I have done this, and was racking my brains as to why it wasn't animating (changing the value of the progress bar).

I eventually tried showing my form (containing the ElementHost) modally, and hey presto, it animates, but I want to show the form non-modally, as I want to continue processing behind the scenes.

Is there some kind of setting that tells the ElementHost window to continue 'animating'?

Thanks Rich.

nope, but I can.. it's quite simple. – Rich S Dec 12 '11 at 16:16
ok, I've done this in a separate project, and first of all it worked, but then as soon as I tried to do some processing and a thread.sleep, it stopped animating. Maybe I need to do my database updates in a separate thread.. which will release this thread to continue animating ? or is there a way of telling WPF to do it's stuff on another thread ? – Rich S Dec 12 '11 at 16:30
Okay so your database operation is blocking the WPF UI Thread. Try a DispatcherTimer instead of a normal Timer. If that doesn't help have a look at the WPF Dispatcher to update the progressbar. BTW: Avoid Thread.Sleep it isn't good way of Thread programming and should be avoided most times – SvenG Dec 12 '11 at 16:40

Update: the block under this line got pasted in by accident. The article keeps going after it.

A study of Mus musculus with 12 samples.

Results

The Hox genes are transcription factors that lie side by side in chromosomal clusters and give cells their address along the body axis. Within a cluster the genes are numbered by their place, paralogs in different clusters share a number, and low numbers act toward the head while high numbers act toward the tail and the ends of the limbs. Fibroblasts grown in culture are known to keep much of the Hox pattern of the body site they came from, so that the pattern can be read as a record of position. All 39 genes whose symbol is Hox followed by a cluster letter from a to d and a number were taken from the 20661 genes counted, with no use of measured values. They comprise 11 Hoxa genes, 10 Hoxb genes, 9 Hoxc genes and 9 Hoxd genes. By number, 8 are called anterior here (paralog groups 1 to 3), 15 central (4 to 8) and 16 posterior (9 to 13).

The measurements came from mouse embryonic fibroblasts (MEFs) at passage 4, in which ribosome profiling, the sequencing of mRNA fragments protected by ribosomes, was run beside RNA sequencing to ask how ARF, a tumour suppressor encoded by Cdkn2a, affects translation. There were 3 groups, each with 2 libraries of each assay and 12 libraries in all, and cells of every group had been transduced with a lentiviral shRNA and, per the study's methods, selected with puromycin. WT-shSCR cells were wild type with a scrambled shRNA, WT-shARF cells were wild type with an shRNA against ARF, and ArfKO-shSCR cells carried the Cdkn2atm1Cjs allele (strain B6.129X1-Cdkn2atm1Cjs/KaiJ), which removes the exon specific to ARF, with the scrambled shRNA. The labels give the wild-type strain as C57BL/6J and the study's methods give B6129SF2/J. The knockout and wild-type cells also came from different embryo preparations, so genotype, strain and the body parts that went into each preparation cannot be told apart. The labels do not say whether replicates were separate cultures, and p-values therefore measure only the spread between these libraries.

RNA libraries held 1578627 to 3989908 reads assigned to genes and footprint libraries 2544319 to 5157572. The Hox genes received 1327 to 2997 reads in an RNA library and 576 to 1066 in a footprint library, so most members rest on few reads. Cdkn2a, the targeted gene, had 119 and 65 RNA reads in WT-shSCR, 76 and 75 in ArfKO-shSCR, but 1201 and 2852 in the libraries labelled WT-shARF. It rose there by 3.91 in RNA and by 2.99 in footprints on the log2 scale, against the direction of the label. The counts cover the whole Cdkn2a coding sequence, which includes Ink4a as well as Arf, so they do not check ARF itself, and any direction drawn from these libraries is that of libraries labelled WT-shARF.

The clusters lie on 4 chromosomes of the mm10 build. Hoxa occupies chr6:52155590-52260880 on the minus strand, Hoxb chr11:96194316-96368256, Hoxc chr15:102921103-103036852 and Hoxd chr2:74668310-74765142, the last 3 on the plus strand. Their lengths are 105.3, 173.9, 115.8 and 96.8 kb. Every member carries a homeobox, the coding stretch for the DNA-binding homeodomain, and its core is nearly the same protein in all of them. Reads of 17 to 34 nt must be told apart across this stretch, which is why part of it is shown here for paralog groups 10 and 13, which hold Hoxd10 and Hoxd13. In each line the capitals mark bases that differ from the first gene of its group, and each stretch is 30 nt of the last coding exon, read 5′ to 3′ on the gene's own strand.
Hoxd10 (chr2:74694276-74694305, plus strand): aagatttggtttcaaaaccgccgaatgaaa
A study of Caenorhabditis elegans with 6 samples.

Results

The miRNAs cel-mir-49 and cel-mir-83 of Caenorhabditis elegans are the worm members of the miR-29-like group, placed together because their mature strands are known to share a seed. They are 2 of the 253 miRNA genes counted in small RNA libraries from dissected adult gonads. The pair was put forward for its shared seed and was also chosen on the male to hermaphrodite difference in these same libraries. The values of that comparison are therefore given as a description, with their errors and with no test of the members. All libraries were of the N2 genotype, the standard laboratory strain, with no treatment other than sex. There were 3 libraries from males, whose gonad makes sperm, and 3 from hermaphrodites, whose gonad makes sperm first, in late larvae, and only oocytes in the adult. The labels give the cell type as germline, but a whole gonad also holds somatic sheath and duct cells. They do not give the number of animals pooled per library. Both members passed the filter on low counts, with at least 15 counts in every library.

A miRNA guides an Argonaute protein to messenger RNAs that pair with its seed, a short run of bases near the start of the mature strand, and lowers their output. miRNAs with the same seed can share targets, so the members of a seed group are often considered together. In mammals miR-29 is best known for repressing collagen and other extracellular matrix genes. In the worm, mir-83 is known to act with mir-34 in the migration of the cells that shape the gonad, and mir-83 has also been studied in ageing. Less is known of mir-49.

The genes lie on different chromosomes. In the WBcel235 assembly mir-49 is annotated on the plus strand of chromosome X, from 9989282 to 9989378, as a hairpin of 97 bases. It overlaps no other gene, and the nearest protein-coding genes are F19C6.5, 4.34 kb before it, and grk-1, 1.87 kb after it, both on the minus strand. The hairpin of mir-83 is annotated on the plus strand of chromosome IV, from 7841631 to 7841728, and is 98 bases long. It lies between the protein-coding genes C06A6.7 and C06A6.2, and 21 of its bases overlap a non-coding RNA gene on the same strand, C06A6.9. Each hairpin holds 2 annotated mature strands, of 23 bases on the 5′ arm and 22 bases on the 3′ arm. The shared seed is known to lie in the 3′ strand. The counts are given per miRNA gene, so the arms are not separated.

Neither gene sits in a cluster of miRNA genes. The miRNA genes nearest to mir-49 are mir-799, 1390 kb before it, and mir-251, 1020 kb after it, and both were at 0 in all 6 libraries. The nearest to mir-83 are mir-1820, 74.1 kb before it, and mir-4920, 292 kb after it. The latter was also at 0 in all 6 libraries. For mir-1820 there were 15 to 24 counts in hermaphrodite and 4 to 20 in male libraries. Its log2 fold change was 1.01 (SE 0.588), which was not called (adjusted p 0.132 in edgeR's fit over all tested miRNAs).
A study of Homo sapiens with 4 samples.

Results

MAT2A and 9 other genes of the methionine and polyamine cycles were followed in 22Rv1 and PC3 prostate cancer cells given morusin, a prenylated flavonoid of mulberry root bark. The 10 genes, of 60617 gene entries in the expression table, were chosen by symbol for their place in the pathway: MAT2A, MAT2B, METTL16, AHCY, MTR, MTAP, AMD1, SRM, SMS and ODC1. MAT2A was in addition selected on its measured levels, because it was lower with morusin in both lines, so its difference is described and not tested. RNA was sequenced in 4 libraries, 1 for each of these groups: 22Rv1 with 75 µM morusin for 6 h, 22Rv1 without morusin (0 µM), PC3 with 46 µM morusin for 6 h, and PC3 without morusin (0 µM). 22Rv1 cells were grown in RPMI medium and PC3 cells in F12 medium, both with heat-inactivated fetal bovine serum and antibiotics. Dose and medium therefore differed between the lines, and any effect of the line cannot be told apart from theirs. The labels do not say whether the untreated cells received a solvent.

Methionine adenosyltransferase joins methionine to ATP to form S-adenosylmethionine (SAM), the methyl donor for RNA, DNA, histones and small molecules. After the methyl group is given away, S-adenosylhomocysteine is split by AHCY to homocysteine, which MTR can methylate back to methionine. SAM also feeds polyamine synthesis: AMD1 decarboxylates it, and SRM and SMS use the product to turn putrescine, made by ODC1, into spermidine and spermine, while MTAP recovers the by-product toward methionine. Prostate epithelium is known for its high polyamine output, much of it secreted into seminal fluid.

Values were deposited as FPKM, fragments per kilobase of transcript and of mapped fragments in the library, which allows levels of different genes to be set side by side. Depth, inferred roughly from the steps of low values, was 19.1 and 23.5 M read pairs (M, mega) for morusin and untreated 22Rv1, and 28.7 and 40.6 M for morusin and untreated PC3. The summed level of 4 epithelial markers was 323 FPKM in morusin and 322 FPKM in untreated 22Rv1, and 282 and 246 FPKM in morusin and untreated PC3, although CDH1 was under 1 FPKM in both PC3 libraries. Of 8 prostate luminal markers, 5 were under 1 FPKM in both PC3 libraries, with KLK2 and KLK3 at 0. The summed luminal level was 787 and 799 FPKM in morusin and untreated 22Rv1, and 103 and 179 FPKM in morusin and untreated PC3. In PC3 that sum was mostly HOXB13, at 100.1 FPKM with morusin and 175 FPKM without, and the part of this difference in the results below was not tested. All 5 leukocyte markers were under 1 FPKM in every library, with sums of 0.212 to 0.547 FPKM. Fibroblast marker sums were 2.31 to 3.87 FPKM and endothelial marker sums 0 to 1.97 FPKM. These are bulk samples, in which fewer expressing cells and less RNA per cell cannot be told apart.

Don't worry, I don't generally use it, I just wanted to see if it would still animate while the 'current' thread is busy. And also.. I'm not using a 'Timer' I'm using a 'DoubleAnimation' – Rich S Dec 12 '11 at 16:50

2 Answers 2

There are many ways to do this , the simplest one is to use a backgroundworker for the lengthy task. The Backgroundworker has an event to report progress. Handle this event and in the handler change your progressbar's value. Just having an animation in the main thread while still doing work on the main thread will not work right ...
One other aproach you may try (though is not what I would recommend for a healty app) is to implement a DoEvents function and call it in the main thread when you want the progress bar to get updated ... Here is the link for the DoEvents implementation:
MSDN DoEvents sugestion
I would Strongly recommend the first approach though

up vote 0 down vote accepted

As I mention in my comment above, the solution is to run the processing in a separte thread, which allows the .net Main GUI thread do its stuff, and animate the progress bar.